Water is an essential component of electricity production. The production of electricity requires water for fuel processing, cooling, materials handling, combustion efficiency and environmental control. Steam electric generation, including coal, oil, natural gas, and nuclear units require abundant, and predictable quantities of water for these purposes. To serve these needs, water is withdrawn from various water bodies. In many instances, the majority of the withdrawn water is returned to the water source and is available to be used again.
While thermoelectric power generation currently accounts for 41 percent of total water withdrawals, it only accounts for approximately three percent of water consumed. Electricity production accounts for a growing portion of water consumption (water removed for use and not returned to its source). Accordingly, the electric power industry is partnering with government agencies, states and private research organizations to explore non-traditional sources of water for the industry, such as innovative water reuse and recovery designs, advanced cooling technologies and advanced power systems that are more water efficient. We’re continually looking for new and innovative ways to enhance water quality.
April 2014, the Environmental Protection Agency (EPA) and the U.S. Army Corps of
Engineers published a proposed rule to revise the regulatory definition of
"waters of the United States." The proposed rule would fundamentally change the way the Clean Water Act (CWA)
operates nationwide—expanding federal jurisdiction under the Act beyond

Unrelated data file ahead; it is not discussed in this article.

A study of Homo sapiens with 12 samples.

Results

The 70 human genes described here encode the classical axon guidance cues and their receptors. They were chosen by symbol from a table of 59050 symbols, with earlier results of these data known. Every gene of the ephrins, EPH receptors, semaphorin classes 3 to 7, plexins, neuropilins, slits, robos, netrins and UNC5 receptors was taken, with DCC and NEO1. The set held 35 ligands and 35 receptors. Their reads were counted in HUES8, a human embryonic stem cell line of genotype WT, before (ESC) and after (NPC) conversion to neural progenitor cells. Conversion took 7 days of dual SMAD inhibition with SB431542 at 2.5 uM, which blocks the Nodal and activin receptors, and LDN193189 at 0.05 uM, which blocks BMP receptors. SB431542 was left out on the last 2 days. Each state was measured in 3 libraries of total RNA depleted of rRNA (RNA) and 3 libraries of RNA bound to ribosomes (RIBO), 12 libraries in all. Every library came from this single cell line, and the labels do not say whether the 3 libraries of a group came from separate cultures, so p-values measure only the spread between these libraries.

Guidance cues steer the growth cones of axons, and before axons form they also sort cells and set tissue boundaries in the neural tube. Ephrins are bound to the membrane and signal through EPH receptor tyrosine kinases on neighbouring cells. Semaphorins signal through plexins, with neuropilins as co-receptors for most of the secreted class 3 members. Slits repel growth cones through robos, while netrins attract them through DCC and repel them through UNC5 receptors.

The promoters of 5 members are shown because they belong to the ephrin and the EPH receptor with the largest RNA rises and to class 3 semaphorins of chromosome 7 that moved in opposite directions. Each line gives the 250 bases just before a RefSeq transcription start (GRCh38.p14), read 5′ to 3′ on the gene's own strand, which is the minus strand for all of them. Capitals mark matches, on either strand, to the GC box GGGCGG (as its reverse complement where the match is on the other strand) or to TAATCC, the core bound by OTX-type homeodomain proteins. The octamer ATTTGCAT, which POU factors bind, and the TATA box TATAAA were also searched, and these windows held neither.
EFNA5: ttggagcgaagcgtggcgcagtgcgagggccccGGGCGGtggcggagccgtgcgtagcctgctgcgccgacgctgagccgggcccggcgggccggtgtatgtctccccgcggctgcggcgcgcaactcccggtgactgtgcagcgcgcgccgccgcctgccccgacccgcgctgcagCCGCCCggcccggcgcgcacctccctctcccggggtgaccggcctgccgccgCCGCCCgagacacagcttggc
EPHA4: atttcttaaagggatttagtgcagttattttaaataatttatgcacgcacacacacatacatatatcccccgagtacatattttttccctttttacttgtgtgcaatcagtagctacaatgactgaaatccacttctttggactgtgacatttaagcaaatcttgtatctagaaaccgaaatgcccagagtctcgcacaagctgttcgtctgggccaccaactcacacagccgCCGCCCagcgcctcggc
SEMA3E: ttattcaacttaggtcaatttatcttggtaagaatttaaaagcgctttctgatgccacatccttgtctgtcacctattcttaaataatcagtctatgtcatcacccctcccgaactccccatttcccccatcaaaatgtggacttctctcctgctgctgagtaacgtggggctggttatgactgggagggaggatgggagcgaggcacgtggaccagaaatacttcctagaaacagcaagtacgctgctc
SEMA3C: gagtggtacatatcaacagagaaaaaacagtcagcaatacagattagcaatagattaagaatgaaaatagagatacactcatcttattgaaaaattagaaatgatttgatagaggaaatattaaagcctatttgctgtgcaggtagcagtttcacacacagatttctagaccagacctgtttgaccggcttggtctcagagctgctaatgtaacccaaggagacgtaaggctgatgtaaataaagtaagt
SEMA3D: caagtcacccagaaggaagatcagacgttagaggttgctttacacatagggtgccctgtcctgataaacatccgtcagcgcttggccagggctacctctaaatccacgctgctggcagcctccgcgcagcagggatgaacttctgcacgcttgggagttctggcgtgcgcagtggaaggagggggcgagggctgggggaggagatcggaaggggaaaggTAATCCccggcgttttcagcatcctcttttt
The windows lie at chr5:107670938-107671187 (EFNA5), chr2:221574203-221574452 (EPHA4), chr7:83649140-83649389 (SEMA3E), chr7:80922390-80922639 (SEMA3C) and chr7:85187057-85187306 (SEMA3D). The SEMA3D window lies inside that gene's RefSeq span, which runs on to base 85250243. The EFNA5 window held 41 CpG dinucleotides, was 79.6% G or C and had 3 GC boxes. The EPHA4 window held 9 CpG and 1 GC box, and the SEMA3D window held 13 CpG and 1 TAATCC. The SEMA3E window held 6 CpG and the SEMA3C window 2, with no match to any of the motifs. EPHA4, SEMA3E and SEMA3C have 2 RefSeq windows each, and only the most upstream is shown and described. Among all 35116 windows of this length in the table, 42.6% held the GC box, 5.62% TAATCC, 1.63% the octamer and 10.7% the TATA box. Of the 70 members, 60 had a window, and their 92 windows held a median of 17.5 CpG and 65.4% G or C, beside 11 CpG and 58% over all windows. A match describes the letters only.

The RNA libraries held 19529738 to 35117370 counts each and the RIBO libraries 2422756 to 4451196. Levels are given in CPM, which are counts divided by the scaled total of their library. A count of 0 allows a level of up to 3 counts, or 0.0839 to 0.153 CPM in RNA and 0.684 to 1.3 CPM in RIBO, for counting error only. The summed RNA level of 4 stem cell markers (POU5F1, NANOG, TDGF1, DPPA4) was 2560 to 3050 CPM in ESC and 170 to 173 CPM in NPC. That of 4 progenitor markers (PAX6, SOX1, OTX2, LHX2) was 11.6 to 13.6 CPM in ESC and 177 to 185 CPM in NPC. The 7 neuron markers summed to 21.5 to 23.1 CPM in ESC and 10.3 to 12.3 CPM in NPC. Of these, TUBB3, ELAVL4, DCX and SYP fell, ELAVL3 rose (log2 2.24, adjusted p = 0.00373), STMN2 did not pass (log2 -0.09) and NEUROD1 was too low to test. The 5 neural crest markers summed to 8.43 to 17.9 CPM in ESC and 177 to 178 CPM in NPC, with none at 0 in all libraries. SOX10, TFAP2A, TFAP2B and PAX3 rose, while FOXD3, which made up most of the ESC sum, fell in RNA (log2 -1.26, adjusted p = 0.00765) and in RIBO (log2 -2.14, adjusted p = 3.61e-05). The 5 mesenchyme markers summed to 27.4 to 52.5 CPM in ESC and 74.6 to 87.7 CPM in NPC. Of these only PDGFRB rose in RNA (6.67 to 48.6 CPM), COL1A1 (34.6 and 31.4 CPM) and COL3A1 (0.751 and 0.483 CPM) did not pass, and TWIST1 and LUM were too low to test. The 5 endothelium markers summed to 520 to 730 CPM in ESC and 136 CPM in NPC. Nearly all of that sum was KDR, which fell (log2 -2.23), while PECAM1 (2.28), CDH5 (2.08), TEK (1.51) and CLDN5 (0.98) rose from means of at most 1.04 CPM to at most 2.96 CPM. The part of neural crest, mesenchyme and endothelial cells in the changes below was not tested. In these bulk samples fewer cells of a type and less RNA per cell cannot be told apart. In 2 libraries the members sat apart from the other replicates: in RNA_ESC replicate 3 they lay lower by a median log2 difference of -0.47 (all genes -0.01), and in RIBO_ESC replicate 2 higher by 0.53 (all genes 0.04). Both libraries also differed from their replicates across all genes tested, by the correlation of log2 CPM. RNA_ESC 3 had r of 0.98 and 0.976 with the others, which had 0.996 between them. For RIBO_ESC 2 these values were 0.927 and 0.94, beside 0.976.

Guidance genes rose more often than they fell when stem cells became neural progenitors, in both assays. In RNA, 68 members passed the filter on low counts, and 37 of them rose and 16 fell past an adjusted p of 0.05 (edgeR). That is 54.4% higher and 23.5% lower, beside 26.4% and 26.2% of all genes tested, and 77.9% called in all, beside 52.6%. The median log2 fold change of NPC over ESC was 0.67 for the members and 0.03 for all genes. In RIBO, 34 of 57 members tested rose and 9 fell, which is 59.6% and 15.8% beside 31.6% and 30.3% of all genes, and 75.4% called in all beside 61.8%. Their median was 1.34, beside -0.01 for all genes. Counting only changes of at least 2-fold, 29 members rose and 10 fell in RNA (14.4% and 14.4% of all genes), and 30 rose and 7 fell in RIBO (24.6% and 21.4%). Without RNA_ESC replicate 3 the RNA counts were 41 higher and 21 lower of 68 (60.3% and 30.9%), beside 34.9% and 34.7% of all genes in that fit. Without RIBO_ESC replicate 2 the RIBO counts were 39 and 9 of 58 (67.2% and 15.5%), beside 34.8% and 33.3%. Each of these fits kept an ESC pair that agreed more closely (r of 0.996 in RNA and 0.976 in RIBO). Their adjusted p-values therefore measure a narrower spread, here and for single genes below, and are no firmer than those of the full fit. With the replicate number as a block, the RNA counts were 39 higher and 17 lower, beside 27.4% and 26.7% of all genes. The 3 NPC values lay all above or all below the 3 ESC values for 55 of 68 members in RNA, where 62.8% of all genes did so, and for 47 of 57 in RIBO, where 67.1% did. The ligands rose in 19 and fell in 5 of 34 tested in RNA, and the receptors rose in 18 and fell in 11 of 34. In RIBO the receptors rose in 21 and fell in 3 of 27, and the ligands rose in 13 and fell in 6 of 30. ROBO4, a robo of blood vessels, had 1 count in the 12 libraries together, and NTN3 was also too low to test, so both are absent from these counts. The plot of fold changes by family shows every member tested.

traditional navigable waters, interstate waters, territorial seas, tributaries,
and adjacent wetlands to a number of other waters.
While EPA's objective may be laudable—to make the process of identifying waters
of the United States less complicated by increasing CWA transparency,
predictability, and consistency—the proposed rule does not meet that goal.
Instead, it allows the federal government to extend its reach into virtually
any landscape that can carry water—from ditches used to channel stormwater to
erosional features in the arid Southwest that may carry water once every few
years. This will result in some very real and meaningful unintended consequences:
replacing state authority with expanded EPA control and slowing the transition
to increasingly clean fuel sources.
EEI continues to work with a broad cross-section of associations to
educate policymakers in the House and Senate and others about the electric
power industry's concerns with the proposed rule. EEI also submitted comments on the rule,
which encourage EPA to withdraw the proposed rule and engage in a meaningful
stakeholder dialogue to create reasonable and focused rulemaking.